Lance Esswein
Posted at 1:47 PM, Jan 27, 2022
and last updated 2022-01-27 19:56:29-05

A former Nueces County risk assessment manager has been sentenced to 19 years in federal prison after pleading guilty to drug and firearms charges, according to a news release from the United States Attorney's Office Southern District of Texas.

Lance Esswein plead guilty in January 2020 to conspiring to possess, with the intent to distribute, methamphetamine and possessing a firearm in furtherance of a drug trafficking crime.

The 58-year-old previously served as the commanding officer of the U.S. Navy minesweeper U.S.S. Ardent, and worked as an adjunct professor at Texas A&M-Corpus Christi.

According to the release, the court heard details of Esswein's "less than honorable discharge from the U.S. Navy," and his termination from Nueces County.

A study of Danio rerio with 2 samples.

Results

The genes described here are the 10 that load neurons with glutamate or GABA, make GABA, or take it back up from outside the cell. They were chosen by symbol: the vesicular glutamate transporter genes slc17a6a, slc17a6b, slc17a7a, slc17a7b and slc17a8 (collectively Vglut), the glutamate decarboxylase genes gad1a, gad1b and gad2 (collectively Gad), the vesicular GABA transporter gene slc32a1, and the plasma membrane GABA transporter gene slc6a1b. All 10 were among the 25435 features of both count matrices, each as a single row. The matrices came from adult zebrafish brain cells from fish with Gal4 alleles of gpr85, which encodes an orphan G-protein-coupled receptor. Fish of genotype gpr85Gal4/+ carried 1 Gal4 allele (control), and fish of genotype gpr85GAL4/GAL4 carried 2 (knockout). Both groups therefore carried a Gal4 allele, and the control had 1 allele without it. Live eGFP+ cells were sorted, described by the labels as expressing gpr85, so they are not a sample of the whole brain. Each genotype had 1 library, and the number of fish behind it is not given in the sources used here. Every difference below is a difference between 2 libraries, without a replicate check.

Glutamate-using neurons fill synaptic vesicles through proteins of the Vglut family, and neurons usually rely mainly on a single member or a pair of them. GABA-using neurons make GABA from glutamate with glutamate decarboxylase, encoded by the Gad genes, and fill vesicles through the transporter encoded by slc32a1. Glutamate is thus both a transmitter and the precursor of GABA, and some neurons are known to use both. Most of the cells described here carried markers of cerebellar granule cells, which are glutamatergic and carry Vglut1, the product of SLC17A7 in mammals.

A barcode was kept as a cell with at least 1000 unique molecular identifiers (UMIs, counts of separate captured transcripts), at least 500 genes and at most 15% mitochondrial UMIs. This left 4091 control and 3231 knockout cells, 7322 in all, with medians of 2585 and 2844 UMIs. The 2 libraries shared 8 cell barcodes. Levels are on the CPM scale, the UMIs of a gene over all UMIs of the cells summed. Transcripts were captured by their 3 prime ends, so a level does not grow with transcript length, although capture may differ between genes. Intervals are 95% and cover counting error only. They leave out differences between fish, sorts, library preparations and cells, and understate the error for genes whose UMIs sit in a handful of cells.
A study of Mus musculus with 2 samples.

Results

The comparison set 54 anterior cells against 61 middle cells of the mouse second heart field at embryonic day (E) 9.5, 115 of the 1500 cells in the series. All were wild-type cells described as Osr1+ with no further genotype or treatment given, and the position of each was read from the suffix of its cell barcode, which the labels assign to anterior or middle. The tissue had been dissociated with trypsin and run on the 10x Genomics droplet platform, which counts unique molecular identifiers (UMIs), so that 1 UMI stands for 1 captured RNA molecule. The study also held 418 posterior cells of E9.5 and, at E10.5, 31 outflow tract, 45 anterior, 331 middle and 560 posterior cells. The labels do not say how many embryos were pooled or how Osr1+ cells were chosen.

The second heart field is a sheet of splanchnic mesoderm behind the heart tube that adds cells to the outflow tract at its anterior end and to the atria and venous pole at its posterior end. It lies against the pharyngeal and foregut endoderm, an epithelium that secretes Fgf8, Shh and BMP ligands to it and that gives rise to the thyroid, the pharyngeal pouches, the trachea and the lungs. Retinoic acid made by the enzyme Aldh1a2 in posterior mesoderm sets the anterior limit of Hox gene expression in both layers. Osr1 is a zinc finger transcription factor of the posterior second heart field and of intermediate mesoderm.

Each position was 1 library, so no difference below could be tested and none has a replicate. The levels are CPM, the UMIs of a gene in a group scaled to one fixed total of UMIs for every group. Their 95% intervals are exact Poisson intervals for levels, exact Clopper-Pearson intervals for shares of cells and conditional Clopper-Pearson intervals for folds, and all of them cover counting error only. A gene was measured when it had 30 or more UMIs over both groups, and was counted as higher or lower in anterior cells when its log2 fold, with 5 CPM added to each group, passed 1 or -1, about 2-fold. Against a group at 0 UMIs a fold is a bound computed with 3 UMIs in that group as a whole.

"The court also heard Esswein had offered to arrange the murder of two local police officers to prevent their testimony in an unrelated drug case," the release states.

Esswein sold more than 100 grams of methamphetamine, after which officials then executed a search warrant at his residence in Portland.

Officials discovered more of the drug and firearms inside the residence, including loaded assualt rifles near the front door, the release states.

Further investigation into Esswein revealed storage units and vehicles with additional quantities of methanphetamine and other narcotics. Officials also discovered a total of 36 weapons, including stolen firearms and firearms with missing serial numbers.

According to the release, Senior U.S. District Judge Janis Graham Jack sentenced Esswein to serve 168 and 60 months for the drug and firearms convictions, respectively.

In determining the sentence, the release states Jack found Esswein responsible for distributing more than 4.5 kilograms of “ice.”

The sentences will be served consecutively for a total 228-month-term of imprisonment. The prison term will be immediately followed by five years of supervised release.

He remains in custody pending transfer to a U.S. Bureau of Prisons facility that is to be determined.